At Fenn, I often talk about the importance of choice reading in schools. What I particularly love about choice reading is it allows a student to follow his interests and passions while simultaneously practicing and improving his reading skills. Ultimately, choice in anything--books, writing topics, projects--leads to engagement, and once a student is engaged, real learning can take place.
Just as choice reading is imperative to reading growth, so is choice in other areas of school. Just recently, my fifth grade class had the opportunity to choose how they wanted to complete a project. At the conclusion of reading The City of Ember, my class brainstormed a variety of project options from which they could choose. The only requirement from me was that their project be related in some way to the book. Some boys used Legos to create settings from the book. One student’s Lego creation even included working LED lights for his city. A couple of boys created board games where players advanced by rolling a die and correctly answering questions about the story. Many of the boys chose to use Minecraft to create visual representations of different settings from the book.
In doing so, these boys created their own cities of Ember. One boy even chose to research electricity, learn how it works, and present his information to the class. He even attempted to generate enough watts to light a bulb using potatoes. It didn't work, but the class learned about amps, watts, and ways to measure energy. The choices were varied and the project became less about the final product and more about the process each boy needed to undertake to complete it.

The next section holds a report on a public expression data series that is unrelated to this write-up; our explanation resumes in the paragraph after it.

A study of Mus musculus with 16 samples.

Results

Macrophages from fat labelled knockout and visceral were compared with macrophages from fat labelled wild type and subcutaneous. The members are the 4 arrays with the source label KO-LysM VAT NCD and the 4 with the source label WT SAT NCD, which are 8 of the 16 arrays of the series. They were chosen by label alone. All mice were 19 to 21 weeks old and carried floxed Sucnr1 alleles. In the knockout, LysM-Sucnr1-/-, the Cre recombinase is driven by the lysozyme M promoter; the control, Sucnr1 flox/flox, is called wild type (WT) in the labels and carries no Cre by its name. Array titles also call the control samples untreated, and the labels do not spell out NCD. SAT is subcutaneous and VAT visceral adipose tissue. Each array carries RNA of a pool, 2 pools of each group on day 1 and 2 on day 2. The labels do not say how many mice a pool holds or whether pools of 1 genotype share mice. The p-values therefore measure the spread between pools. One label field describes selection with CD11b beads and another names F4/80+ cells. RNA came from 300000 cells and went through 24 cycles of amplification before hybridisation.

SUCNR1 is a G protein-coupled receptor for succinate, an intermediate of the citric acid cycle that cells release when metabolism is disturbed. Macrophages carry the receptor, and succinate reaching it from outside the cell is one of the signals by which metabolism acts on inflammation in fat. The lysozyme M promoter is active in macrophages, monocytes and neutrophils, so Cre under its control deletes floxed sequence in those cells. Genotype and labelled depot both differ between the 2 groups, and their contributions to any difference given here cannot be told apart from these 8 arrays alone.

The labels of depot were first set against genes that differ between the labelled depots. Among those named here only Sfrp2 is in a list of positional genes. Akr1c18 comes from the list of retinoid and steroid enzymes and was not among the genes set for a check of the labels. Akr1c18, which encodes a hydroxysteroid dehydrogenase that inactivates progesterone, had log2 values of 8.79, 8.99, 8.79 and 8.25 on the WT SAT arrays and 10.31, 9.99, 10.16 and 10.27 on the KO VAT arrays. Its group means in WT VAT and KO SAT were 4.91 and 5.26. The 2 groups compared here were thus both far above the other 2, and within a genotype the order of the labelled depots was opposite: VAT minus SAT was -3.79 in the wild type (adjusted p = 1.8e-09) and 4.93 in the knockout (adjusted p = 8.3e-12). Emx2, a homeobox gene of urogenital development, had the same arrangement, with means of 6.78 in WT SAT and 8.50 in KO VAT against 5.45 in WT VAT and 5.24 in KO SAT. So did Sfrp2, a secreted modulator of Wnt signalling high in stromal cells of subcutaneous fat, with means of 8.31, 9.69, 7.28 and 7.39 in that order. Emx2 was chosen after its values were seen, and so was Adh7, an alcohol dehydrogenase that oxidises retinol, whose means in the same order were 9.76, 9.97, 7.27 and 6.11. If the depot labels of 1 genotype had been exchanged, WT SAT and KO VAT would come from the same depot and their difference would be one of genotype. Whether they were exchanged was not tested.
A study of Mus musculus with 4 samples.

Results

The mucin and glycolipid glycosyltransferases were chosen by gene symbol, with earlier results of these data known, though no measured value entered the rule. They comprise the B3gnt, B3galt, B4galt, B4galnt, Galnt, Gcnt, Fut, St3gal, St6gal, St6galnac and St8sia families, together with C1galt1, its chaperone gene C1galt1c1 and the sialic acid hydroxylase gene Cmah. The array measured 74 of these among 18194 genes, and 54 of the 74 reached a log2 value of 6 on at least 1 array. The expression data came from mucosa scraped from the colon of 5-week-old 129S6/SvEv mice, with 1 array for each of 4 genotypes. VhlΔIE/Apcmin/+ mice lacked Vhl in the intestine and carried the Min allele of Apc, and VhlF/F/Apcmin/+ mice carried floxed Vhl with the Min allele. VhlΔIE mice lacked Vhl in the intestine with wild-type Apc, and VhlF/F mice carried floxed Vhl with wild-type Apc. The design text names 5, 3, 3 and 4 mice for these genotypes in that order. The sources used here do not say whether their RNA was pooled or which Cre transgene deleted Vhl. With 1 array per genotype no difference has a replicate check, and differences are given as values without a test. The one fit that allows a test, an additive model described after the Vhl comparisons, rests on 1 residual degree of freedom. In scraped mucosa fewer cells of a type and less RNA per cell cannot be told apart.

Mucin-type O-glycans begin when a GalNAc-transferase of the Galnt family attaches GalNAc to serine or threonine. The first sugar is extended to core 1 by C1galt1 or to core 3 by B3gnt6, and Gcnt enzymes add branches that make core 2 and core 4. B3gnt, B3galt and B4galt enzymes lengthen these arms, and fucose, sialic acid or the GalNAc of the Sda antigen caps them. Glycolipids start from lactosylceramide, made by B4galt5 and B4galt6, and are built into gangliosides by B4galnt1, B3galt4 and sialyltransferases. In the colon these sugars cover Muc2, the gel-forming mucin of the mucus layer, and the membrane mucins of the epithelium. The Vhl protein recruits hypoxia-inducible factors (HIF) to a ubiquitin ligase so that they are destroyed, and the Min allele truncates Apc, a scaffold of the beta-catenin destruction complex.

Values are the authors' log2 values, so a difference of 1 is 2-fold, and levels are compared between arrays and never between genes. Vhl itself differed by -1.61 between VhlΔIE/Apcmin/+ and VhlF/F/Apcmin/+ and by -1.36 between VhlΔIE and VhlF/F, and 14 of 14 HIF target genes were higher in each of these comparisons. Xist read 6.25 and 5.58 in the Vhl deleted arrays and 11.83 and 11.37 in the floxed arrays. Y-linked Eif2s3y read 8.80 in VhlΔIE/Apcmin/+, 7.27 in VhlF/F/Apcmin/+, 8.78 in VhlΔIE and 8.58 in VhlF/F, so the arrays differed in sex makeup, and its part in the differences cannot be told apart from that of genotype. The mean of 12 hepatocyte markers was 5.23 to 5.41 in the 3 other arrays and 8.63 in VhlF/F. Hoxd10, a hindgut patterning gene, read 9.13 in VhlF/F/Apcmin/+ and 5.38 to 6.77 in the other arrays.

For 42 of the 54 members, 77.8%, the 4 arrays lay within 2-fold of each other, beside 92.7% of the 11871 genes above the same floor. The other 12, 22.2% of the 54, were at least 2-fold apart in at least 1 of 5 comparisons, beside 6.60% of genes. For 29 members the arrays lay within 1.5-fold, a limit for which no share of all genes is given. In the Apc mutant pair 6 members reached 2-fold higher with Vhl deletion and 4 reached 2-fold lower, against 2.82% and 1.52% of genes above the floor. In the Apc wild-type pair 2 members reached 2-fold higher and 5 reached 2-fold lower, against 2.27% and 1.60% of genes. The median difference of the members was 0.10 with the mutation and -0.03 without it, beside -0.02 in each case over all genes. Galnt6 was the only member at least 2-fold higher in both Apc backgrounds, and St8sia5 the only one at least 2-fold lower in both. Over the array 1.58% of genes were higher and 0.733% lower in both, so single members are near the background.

First, students needed to decide upon a project and then find the answers to the following questions: Why do I want to do this? Can I complete this project? What materials do I need? How can I get them? Will I be able to finish it? In letting students own their project choices, it forced them to come up with specific answers to these questions based on their choices, not mine. When given this freedom and choice, the boys were able to follow their passions and play to their strengths. They took off. Everyone was focused and engaged and our class space became a workshop of Legos, computers, and board games. Each boy assessed his progress along the way, and many of them, if not all, had to make adjustments to unforeseen setbacks, changes, or time constraints. I saw more resilience, perseverance, productive use of class time, and sheer enjoyment during this process than I had seen all year.
While watching the boys engage in this work, the importance of choice became even clearer to me. Whether it is reading choice, writing choice, or project choice, choice leads to engaged learning and investment. By offering choice, a teacher is in effect saying to a student, “I trust you in this learning process, and I value your insights and decisions.” By giving students the opportunity to take their learning into their own hands, students have the chance to own their learning. Students feel validated, trusted, and empowered to shape what their learning looks like in the classroom. When a teacher has the chance to validate, honor, and accept students’ choices, she should take it, for the potential and possibilities for growth and learning are limitless. And, in the process of her letting go, students are given a safe and supportive environment to practice taking risks, failing, being resilient, and succeeding. A partnership between teacher and student develops and the classroom becomes a collaborative work space where everyone learns.